However, the real storyline was the play of Vikings quarterback Josh Freeman, who was making his first start with the team after being released by Tampa Bay two weeks prior.
Freeman finished the night an abysmal 20-of-53 for 190 yards, no touchdowns and one interception. It was clear that he had little command of the playbook and head coach Leslie Frazier did not put his team in the best position to win.
According to Spotrac.com, the Vikings are paying Freeman $2.8 million this season and looking to get a quick return on their investment.
There are plenty of questions the 1-5 Vikings need to address before next week’s game against the Green Bay Packers. Most importantly, though, they need to know if there is more to Josh Freeman than what we saw Monday night.
Freeman was asked to do way too much last night for the Vikings. It was almost as though the Vikings forgot about running back Adrian Peterson, who finished the game with just 13 carries for 28 yards.
Many people, including myself, expected a heavy dose of Peterson, which would crowd the box and allow Freeman to make easy throws on the outside.
Josh Freeman: 16 overthrown incompletions; most by any QB in a game in the 8 years for which we have data on overthrows— ESPN Stats & Info (@ESPNStatsInfo) October 22, 2013
There were certain occasions when this did happen, but Freeman was unable to capitalize. He was consistently overthrowing receivers, making the wrong reads and looked confused on almost every dropback. At times, Freeman did show good mobility in the pocket, but his inaccuracy overshadowed that.
Freeman was unable to get into a rhythm and looked nervous throughout the course of the game. However, he has skill. As the season goes on, he will showcase that.
Freeman had his best year as a pro in 2012, throwing for over 4,000 yards and 27 touchdowns. The Vikings are hoping to get that same production this year. However, after last night, that doesn’t seem likely.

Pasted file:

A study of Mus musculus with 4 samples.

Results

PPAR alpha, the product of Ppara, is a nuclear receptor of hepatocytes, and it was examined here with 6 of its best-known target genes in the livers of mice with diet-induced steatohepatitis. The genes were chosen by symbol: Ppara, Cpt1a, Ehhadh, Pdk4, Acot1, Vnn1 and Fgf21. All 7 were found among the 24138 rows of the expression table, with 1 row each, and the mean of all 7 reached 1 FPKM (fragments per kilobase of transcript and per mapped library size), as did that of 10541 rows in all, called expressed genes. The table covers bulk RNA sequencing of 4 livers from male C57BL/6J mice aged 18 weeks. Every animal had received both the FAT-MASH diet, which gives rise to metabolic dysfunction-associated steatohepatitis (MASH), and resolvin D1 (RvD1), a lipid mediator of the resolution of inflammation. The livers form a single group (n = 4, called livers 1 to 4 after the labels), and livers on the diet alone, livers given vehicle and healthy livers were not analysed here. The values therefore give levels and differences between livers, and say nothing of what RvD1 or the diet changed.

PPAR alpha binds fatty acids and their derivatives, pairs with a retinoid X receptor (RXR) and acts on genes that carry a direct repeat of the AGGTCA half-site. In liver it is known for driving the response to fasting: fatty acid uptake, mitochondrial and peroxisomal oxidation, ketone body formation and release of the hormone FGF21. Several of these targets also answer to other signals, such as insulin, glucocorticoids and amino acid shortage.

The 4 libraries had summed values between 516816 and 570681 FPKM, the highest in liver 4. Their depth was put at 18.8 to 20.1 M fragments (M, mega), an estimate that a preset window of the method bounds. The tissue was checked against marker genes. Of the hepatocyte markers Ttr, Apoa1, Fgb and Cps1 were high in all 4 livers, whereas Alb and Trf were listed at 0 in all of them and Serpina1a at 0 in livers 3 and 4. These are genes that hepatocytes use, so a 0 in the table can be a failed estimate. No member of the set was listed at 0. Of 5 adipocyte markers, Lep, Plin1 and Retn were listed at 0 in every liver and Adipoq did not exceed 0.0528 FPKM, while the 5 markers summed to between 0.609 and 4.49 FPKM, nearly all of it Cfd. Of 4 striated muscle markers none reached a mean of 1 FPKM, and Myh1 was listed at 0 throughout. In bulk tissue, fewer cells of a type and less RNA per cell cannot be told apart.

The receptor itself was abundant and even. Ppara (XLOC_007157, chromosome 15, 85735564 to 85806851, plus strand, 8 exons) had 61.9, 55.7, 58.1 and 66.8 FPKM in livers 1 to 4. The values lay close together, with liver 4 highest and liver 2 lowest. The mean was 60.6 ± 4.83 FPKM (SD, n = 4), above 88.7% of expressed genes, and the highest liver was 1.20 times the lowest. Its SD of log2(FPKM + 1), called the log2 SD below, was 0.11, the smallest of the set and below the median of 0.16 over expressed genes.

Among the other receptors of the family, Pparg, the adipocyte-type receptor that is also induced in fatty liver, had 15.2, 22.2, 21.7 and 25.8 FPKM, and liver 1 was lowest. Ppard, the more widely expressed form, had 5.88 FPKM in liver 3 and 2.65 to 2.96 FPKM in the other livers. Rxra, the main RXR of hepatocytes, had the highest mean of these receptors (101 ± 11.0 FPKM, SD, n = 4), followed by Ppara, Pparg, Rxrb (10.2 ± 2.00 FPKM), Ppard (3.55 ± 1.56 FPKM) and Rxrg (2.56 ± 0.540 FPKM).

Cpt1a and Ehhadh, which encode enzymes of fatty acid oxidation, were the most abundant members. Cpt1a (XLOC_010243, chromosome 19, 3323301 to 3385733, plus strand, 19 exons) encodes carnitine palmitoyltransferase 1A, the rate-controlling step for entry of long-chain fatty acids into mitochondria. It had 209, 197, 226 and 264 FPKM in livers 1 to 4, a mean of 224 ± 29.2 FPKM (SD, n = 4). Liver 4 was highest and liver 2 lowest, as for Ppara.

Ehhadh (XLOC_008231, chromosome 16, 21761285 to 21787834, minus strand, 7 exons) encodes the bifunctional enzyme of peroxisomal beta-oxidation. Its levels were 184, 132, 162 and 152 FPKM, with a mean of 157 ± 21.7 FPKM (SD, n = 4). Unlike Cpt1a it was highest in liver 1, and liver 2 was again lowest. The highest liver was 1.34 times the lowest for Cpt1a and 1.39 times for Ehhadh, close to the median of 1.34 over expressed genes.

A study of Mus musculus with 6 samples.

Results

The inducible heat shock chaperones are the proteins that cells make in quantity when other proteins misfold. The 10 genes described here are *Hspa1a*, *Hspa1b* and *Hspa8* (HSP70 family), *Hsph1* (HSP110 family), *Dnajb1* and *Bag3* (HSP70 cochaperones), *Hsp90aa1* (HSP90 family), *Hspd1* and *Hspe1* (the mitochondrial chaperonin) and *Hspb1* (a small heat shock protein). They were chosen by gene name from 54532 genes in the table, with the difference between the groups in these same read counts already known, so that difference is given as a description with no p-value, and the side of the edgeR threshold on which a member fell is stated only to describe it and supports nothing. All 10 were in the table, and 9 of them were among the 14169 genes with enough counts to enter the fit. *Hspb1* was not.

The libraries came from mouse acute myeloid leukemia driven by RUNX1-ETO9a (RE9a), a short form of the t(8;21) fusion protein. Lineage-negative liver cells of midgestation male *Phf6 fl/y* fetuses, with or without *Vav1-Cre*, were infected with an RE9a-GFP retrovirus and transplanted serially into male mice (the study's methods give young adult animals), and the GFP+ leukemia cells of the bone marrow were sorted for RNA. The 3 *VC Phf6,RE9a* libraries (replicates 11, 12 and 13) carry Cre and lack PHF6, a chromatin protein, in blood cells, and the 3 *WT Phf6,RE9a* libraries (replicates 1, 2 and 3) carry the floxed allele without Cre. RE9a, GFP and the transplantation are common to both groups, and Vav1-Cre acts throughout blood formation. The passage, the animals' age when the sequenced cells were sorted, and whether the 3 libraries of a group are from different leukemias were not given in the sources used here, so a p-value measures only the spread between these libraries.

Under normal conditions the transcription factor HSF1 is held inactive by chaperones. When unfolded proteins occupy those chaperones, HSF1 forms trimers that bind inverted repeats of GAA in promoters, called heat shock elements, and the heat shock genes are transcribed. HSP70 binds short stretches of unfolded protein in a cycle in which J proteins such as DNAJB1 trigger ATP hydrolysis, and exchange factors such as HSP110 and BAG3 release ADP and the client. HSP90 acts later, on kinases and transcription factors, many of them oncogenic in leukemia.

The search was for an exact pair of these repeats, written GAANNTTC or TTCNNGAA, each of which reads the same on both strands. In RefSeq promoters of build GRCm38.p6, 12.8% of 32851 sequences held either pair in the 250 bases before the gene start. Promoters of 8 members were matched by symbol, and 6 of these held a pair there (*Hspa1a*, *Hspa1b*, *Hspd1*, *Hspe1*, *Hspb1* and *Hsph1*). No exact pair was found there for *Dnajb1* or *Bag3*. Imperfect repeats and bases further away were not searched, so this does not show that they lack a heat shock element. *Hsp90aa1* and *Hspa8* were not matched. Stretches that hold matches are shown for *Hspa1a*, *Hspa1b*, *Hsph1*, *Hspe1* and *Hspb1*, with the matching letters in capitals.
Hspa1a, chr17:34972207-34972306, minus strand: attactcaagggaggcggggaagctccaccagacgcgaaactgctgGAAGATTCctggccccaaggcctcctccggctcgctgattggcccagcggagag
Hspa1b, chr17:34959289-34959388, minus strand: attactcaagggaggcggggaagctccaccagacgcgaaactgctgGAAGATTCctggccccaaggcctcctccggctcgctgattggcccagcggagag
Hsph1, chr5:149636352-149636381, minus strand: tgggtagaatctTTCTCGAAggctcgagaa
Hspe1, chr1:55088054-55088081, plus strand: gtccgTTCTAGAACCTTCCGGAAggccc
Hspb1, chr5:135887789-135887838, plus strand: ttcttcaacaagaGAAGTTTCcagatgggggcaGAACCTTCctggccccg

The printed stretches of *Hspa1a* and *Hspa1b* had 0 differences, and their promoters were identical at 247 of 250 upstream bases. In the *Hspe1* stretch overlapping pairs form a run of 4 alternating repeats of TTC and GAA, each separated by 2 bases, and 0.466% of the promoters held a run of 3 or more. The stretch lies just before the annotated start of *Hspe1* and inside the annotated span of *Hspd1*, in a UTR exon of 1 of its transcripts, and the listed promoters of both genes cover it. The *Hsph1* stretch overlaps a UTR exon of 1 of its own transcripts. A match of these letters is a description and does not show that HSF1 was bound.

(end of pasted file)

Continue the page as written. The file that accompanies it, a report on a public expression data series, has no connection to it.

Freeman’s play will improve going forward and he is a better option than both Christian Ponder and Matt Cassel. He is a big, strong-armed quarterback who, when comfortable, can make every throw. Building chemistry with receivers takes time. With veterans like Greg Jennings and Jerome Simpson, that time period will be shorter than people think.
Throwing Freeman into the fire after only two weeks didn’t seem fair to either Freeman or the rest of the Vikings. They have a talented roster and proved that last year by making the playoffs.
However, this year, they have been extremely exposed at the quarterback position. Minnesota can’t expect Peterson to run for 2,000 yards every year and must improve under center.
Josh Freeman (MIN): Falls to 11-24 (.314) as starter in last 3 seasons, 2nd-worst win pct in NFL— ESPN Stats & Info (@ESPNStatsInfo) October 22, 2013
If Freeman can limit his turnovers and start building trust with his receivers, the Vikings will compete in all their games. Freeman won’t put up the numbers like he did a season ago, but if he can prove that he can lead this offense, he could be the long-term answer in Minnesota.
Freeman proved last season that he is capable of putting up big numbers, but the Vikings just need him to manage the game and take care of the football.
Next week against the Packers, Freeman will show signs of improvement, but there will still be growing pains. Expect Frazier to hand the ball off to Peterson and try to avoid a shootout with Aaron Rodgers.
Is Josh Freeman the long-term answer at QB for the Vikings?
Freeman will probably continue to struggle in the next couple of weeks. Once he and his receivers get on the same page, though, the Vikings could play spoiler to playoff hopefuls down the stretch.